A notorious fascist who taunted wartime Britain with Nazi propaganda may have been plotting in a north east Derbyshire village.
Lord Haw Haw - real name William Joyce - broadcast from inside Nazi Germany during the Second World War hoping to sap British morale.
After the war, American-born Joyce was captured and hung as a traitor but rumours of his Derbyshire links have circulated for decades.
Now, Renishaw’s St Matthew’s Church Group has won Heritage Lottery Fund support to help prove if William Joyce was resident in this area in the inter-war years.
Richard Godley, project spokesperson, said: “I’ve heard multiple people talk about him being resident in the area down the years.
“It’s going to be interesting to confirm if one of the most notorious figures of the war was here and, if he was, what he was actually doing here.”
Joyce - who moved to Germany just hours before the outbreak of war in September 1939 - was a prominent member of the British Union of Fascists in the 1930s.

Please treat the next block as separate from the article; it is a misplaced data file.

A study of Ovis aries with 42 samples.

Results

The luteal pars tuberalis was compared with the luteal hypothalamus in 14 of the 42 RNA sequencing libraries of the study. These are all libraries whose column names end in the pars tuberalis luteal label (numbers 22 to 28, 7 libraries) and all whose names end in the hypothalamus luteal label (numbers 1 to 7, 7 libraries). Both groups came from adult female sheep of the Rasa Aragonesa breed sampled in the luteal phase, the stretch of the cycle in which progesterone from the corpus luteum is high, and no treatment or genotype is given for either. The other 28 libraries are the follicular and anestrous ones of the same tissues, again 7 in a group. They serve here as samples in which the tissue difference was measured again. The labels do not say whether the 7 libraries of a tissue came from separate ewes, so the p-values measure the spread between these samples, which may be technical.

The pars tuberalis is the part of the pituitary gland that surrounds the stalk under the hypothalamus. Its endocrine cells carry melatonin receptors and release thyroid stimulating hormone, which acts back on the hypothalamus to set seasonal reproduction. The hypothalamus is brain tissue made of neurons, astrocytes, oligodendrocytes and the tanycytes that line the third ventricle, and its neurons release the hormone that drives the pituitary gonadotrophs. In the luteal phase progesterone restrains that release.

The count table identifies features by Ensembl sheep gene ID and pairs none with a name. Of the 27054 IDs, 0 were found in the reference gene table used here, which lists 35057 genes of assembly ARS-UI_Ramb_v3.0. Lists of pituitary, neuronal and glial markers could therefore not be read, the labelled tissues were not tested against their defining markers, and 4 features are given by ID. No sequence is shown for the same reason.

He won high praise from Nazi propaganda minister Joseph Goebbels for his broadcasts which were designed to depress and demoralize UK listeners.
‘Lord Haw-Haw’s’ nightly ‘Germany Calling’ broadcasts from the very heart of the Third Reich amassed UK audiences of up to nine million.
Anne Joule, secretary of the group, said: “We are thrilled to have received Heritage Lottery Fund support.
“We are confident the project will support young people and visitors to the area by making them more aware of the history and its connection to returning WW1 and 2 servicemen, reserved services and stories of Lord Haw-Haw that has been spoken about for generations in the area.”
St Matthew’s Church Group – which will be working in partnership with local schools and churches – received a £31,700 grant from the Heritage Lottery Fund (HLF) for the project.
Founded in 2015 to look at researching wartime stories of the villages and its inhabitants, all three local churches – Immaculate Conception Church in Spinkhill, Renishaw Methodist Church will be co-ordinated by the St Matthew’s Church Group to help deliver research and activities.
As well as Lord Haw Haw, the group will also explore local family connections to the First World War - whether that be to soldiers or to those in reserved occupations - and look in detail at the lives of the men whose names appear on local memorials.
The project - which is expected to last 18 months - was officially launched at St Matthew’s Church Hall on Tuesday.
To find out more about the project or to get involved, email email@example.com or call Anne Joule on 01246 433497.